Nishi is known for fashioning a number of site-specific, domestic-influenced art installations around the world. In 2002, he placed a one-room apartment over the roof of a 14th-century Swiss cathedral, incorporating a bronze angel-shaped weather vane in the process. The same year he created a temporary functioning hotel around a statue of Queen Victoria as part of the Liverpool Biennial. With Discovering Columbus, Nishi offers a unique, whimsical vision of America and its global influence.
The project, which opened September 20th and runs through November 18th, is being put on by the Public Art Fund, an inspired New York art institution whose mission, according to their website,
is to mount "ambitious free exhibitions of international scope and impact that offer the public powerful experiences with art and the urban environment." The Public Art Fund unveiled
artist Rob Pruitt's shiny silver statue of artist Andy Warhol in Union Square in March 2011, which had an extended run (up to last month, in fact), and they also sponsor several public art talks
(held at The New School) throughout the year. Discovering Columbus is perhaps one of the Fund's most ambitious exhibits, inviting discovery, contemplation, and wonder.
The exhibit only allows 170 visitors at once, for thirty minutes at a time, though the line outside the exhibit moves quickly. There's also an elevator available, and visitors have to sign a release prior to getting tickets.
The installation has not been without its share of controversy. John Mancini, Executive Director of The Italic Institute
, told the New York Post in August
, “I think it’s poor art. It’s in bad taste... I don’t know who is paying for it or why they would pay for it. If it’s aimed at Columbus Day, it’s quite disrespectful.”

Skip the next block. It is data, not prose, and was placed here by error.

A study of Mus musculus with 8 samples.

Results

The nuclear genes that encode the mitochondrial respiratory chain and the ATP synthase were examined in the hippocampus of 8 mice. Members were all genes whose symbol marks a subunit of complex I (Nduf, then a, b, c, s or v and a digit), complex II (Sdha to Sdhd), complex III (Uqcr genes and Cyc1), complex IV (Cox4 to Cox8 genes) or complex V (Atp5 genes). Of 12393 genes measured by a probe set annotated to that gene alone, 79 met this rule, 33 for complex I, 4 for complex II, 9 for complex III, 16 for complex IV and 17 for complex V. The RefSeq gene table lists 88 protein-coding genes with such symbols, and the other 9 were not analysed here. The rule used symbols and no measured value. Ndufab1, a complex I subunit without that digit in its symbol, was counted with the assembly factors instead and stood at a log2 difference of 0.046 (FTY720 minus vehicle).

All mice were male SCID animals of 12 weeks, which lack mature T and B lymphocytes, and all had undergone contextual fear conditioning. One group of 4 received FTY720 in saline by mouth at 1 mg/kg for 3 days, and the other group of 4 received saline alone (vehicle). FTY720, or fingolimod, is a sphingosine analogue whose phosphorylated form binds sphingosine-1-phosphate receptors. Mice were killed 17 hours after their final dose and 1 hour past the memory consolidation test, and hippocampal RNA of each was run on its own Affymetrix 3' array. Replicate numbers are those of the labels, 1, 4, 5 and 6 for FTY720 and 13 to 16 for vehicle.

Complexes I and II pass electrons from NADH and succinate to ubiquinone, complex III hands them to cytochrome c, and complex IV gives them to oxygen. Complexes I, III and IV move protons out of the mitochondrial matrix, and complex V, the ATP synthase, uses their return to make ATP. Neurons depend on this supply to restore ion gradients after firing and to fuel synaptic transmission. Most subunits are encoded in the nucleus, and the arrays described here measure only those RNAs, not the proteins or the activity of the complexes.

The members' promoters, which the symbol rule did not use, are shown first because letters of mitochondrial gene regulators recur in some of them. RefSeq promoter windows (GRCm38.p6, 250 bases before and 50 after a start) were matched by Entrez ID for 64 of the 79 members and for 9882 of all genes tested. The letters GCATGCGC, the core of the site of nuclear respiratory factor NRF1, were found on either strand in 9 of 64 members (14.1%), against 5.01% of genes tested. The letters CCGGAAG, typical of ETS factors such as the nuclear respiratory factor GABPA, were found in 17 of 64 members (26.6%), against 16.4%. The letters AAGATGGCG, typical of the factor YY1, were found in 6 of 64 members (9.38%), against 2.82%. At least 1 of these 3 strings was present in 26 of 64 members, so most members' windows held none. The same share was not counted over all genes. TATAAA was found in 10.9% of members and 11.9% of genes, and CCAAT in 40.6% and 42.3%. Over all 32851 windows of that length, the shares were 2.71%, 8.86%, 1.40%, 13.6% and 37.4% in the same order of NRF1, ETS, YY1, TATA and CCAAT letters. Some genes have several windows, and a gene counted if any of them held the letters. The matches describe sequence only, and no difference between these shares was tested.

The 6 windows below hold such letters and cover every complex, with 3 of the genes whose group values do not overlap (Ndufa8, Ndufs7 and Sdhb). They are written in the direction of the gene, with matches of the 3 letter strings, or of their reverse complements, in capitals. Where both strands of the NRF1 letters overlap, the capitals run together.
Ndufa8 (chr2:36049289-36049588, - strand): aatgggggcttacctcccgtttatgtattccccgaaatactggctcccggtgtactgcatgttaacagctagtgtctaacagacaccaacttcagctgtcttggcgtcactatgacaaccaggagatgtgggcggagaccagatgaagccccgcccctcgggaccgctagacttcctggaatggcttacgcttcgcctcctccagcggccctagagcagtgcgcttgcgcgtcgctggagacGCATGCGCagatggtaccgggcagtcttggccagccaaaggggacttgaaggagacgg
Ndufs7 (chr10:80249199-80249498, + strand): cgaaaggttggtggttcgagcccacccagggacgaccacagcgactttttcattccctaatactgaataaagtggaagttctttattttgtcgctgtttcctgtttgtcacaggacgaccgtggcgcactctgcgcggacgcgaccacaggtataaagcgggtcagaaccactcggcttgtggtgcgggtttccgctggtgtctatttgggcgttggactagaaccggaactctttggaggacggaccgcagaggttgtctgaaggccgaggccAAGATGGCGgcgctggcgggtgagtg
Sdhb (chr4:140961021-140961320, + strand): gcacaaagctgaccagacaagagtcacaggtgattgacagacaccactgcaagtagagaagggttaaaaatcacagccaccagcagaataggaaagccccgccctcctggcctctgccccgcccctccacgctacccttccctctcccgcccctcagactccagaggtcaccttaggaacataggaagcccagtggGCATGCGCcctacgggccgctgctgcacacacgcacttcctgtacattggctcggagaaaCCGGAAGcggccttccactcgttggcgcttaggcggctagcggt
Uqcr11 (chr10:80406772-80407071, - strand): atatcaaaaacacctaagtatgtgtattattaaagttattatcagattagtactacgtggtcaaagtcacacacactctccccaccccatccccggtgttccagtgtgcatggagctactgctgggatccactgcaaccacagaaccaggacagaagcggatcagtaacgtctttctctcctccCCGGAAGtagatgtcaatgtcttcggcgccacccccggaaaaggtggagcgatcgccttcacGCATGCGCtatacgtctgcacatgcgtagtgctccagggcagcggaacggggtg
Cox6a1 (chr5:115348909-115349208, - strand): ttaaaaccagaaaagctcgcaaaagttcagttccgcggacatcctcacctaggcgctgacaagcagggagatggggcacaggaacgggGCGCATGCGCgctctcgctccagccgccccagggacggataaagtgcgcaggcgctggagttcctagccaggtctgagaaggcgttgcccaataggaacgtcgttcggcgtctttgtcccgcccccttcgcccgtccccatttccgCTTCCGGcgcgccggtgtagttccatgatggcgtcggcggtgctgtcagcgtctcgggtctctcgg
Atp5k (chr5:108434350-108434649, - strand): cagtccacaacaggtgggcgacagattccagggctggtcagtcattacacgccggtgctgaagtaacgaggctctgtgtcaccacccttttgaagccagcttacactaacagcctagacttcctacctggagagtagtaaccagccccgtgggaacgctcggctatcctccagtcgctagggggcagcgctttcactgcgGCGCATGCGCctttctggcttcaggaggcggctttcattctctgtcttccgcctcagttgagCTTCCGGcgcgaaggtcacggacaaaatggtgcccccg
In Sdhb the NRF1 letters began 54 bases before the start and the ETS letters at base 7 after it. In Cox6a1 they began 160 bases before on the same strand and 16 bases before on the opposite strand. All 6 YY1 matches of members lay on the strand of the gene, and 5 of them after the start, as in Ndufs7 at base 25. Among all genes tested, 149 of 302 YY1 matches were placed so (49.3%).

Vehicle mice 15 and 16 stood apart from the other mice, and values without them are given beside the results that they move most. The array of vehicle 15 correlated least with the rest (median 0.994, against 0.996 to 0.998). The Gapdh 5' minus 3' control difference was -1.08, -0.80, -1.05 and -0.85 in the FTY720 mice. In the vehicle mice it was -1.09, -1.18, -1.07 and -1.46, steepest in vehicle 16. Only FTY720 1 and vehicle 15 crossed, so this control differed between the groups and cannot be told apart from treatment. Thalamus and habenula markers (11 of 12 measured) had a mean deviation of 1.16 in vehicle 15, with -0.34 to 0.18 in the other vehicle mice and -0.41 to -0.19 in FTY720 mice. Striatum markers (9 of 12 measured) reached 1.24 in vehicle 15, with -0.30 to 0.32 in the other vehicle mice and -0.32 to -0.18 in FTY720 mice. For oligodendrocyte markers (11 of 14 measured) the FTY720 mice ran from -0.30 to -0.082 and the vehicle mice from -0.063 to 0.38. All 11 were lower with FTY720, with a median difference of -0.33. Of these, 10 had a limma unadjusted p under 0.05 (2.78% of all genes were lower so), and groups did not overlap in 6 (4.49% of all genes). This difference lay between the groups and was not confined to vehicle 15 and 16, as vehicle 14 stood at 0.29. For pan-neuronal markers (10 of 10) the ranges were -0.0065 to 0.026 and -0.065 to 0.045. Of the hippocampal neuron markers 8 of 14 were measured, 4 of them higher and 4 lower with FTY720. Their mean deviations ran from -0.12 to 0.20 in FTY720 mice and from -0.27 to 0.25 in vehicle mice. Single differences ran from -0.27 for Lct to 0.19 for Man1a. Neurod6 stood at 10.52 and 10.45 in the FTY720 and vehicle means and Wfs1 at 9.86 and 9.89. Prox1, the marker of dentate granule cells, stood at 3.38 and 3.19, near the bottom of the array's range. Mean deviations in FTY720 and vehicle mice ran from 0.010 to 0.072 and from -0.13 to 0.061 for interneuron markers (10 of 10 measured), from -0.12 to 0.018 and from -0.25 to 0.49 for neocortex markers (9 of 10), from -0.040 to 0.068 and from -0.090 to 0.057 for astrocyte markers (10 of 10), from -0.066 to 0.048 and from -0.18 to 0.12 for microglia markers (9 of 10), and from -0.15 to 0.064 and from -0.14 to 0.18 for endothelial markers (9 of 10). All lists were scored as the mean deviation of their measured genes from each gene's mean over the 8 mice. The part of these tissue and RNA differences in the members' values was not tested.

Nishi's work, however, is anything but disrespectful; it's a thoughtful endeavor on the nature of America as a political, social, and especially cultural force in the world. Using his own position as an outsider, growing up in Japan and heavily influenced by American pop culture, Nishi utilizes a number of symbols old and new to make a larger point about the pervasive effect of Americana within both its own borders and outside of them, making some interesting points about the nature of national identity and perspective. In addition to being a thought-provoking piece of fantastic public artwork (and a great workout, what with the six-storey climb), it's also a great opportunity to experience a statue most wouldn't get to see at such close quarters John Calvelli, secretary of the National Italian American Foundation, told the Post
that Discovering Columbus is "a once-in-a-lifetime experience... you can see Columbus up close!”
The space itself is spacious and beautifully designed; at 800 square feet with a 16-foot ceilings, it's been outfitted with area rugs, sofas, armchairs, a hardwood floor, and a 55-inch Samsung television along one wall, most of which has been provided by Bloomingdale's. There are also four huge windows offering three stunning views. Visitors lounge comfortably, reading, chatting, watching television. It would all be incredibly normal, but for the 13-foot marble statue dominating the middle of the room.
It's precisely this dislocation that powers Discovering Columbus. Visitors are "discovering" the statue in a way few have before (except, as Roberta Smith noted in the New York Times
, for birds and art restorers). Nishi offers a sly, fascinating take on the "dream" of America, and what it means in historical and futuristic contexts. Along with the comfy accoutrements and the TV broadcasting CNN (whose building, ironically or not, is literally across the street), are a myriad of books on various aspects of Americana: sports, music, media. Then there's the wallpaper. Nishi has fashioned a room that invites its own exploration, offering a fascinating, outsider's viewpoint of America and its potency in terms of culture, politics, history, history, and even technology.
This paradox is beautifully, simply reflected in the spectacular views that Discovering Columbus affords. Situated where Broadway, Eighth Avenue, Central Park South, and Central Park West all intersect in a spidery contusion of belching gas and sharp honking, Discovering Columbus affords one the opportunity to enjoy some prime NYC real estate, high above the clamor.
Such tension adds a nice dimension to what could be considered a pleasant, fun diversion - but Public Art Fund, while offering fun, interactive art for everyone, has also hit upon a powerful combination with NIshi's work. By entering into this "living room," we are, in effect, a part of its living history, our stories and histories intertwined with that of Columbus in creating an ever-unfolding vision of America.